Humans are the only species to live in every environmental niche in the world – from the icesheets to the deserts, rainforests to savannahs. As individuals, we are rather puny, but when we are socially connected, we are the most dominant species on the planet.
New evidence from stone tools in southern Africa shows these social connections were stronger and wider than we had thought among our ancestors who lived around 65,000 years ago, shortly before the large “out of Africa” migration in which they began to spread across the world.
The early humans were not always so connected. The first humans to leave Africa died out without this migratory success and without leaving any genetic trace among us today.
But for the ancestors of today’s people living outside of Africa, it was a different story. Within a few thousand years they had migrated into and adapted to every type of environmental zone across the planet.
Archaeologists think the development of social networks and the ability to share knowledge between different groups was the key to this success. But how do we observe these social networks in the deep past?
To address this question, archaeologists examine tools and other human-made objects that still survive today. We assume that the people who made those objects, like people today, were social creatures who made objects with cultural meanings.
A small, common stone tool gave us an opportunity to test this idea in southern Africa, during a period known as the Howiesons Poort around 65,000 years ago. Archaeologists call these sharp, multipurpose tools “backed artefacts”, but you can think of them as a “stone Swiss Army knife”: the kind of useful tool you carry around to do various jobs you cannot do by hand.
These knives are not unique to Africa. They are found across the globe and come in many different shapes. This potential variety is what makes these small blades so useful to test the hypothesis that social connections existed more than 60,000 years ago.
Across southern Africa, these blades could have been made in any number of different shapes in different places. However, around 65,000 years ago, it turns out they were made to a very similar template across thousands of kilometres and multiple environmental niches.
The fact they were all made to look so similar points to strong social connections between geographically distant groups across southern Africa at this time.
Importantly, this shows for the first time that social connections were in place in southern Africa just before the big “out of Africa” migration.
Previously it has been thought people made these blades in response to various environmental stresses, because just like the Swiss Army knife they are multi-functional and multi-use.
There is evidence the stone blades were often glued or bound to handles or shafts to make complex tools such as spears, knives, saws, scrapers and drills and used as tips and barbs for arrows. They were used to process plant material, hide, feathers and fur.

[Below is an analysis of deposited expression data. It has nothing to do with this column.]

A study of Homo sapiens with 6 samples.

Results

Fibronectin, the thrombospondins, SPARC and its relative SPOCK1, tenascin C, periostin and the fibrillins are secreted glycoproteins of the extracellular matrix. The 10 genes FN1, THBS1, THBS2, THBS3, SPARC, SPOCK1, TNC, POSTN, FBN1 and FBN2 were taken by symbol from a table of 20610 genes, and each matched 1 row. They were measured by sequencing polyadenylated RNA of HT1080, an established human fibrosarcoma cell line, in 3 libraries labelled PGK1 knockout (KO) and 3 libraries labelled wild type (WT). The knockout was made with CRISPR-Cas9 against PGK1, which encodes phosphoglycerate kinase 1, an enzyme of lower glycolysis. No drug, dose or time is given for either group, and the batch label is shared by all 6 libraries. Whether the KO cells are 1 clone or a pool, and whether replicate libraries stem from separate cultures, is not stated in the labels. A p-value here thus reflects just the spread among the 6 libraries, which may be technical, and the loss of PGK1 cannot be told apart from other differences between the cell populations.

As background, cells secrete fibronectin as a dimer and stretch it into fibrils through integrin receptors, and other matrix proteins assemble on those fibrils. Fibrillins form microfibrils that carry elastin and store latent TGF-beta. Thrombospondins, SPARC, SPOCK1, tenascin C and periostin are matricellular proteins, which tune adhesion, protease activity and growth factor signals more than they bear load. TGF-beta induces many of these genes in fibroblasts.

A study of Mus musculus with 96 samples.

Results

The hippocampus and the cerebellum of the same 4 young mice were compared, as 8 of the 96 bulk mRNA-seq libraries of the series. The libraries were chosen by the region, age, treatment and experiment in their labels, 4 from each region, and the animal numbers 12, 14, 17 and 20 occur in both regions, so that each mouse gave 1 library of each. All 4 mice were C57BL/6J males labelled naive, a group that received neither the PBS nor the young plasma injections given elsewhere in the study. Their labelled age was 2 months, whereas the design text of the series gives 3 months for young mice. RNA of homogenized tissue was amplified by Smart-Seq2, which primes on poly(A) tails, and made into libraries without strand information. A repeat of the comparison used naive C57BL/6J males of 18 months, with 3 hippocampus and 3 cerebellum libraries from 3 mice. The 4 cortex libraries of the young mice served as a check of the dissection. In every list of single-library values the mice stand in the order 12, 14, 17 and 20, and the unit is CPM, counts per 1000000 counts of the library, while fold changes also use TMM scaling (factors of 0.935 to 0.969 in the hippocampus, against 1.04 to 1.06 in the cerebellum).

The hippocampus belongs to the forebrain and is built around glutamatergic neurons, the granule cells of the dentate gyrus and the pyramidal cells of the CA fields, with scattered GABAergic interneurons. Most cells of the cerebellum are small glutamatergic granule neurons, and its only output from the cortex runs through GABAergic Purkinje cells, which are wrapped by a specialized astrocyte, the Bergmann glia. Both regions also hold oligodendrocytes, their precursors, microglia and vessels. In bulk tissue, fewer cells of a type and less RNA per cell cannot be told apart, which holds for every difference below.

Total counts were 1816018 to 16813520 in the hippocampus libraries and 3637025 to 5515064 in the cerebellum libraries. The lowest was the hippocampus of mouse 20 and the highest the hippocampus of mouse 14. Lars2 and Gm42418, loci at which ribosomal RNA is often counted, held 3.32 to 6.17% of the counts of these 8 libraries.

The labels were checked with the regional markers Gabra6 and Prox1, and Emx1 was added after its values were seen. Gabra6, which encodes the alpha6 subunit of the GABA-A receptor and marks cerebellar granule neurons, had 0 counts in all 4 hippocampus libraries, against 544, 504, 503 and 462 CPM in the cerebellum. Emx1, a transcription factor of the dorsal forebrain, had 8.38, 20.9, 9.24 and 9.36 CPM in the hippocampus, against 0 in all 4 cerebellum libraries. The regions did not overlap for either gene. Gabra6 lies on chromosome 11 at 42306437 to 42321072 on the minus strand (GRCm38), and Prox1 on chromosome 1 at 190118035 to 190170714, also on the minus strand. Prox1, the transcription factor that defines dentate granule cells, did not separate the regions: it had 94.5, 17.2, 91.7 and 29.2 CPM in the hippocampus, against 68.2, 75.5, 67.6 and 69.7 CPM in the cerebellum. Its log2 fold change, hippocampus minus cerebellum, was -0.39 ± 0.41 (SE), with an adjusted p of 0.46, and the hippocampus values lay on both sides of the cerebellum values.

While the making of the stone blade was not particularly difficult, the binding of the stone to the handle was, involving complex glue and adhesive recipes.
During the Howiesons Poort, these blades were produced in enormous numbers across southern Africa.
Data from Sibudu Cave in South Africa shows that their peak in production occurred during a very dry period when there was less rain and vegetation. These tools were manufactured for thousands of years before the Howiesons Poort, but it is during this period of changing climatic conditions that we see a phenomenal increase in their production.
It is the multi-functionality and multi-use which makes this stone tool so flexible, a key advantage for hunting and gathering in uncertain or unstable environmental conditions.
However, the production of this tool at this time cannot be seen as only a functional response to changing environmental conditions.
If their proliferation was simply a functional response to changing conditions, then we should see differences in different environmental niches. But what we see is similarity in production numbers and artefact shape across great distances and different environmental zones.
This means the increase in production should be seen as part of a socially mediated response to changing environmental conditions, with strengthening long-distance social ties facilitating access to scarce, perhaps unpredictable resources.
The similarity in the stone “Swiss Army knife” across southern Africa provides insight into the strength of social ties in this key period for human evolution. Their similarity suggests that it was the strength of this social network which allowed populations to prosper and adapt to changing climatic conditions.
These findings hold global implications for understanding how expanding social networks contributed to the expansion of modern humans out of Africa and into new environments across the globe.
Amy Mosig Way is a Lecturer in Archaeology at the University of Sydney and an Archaeologist at the Australian Museum.
This article first appeared on The Conversation.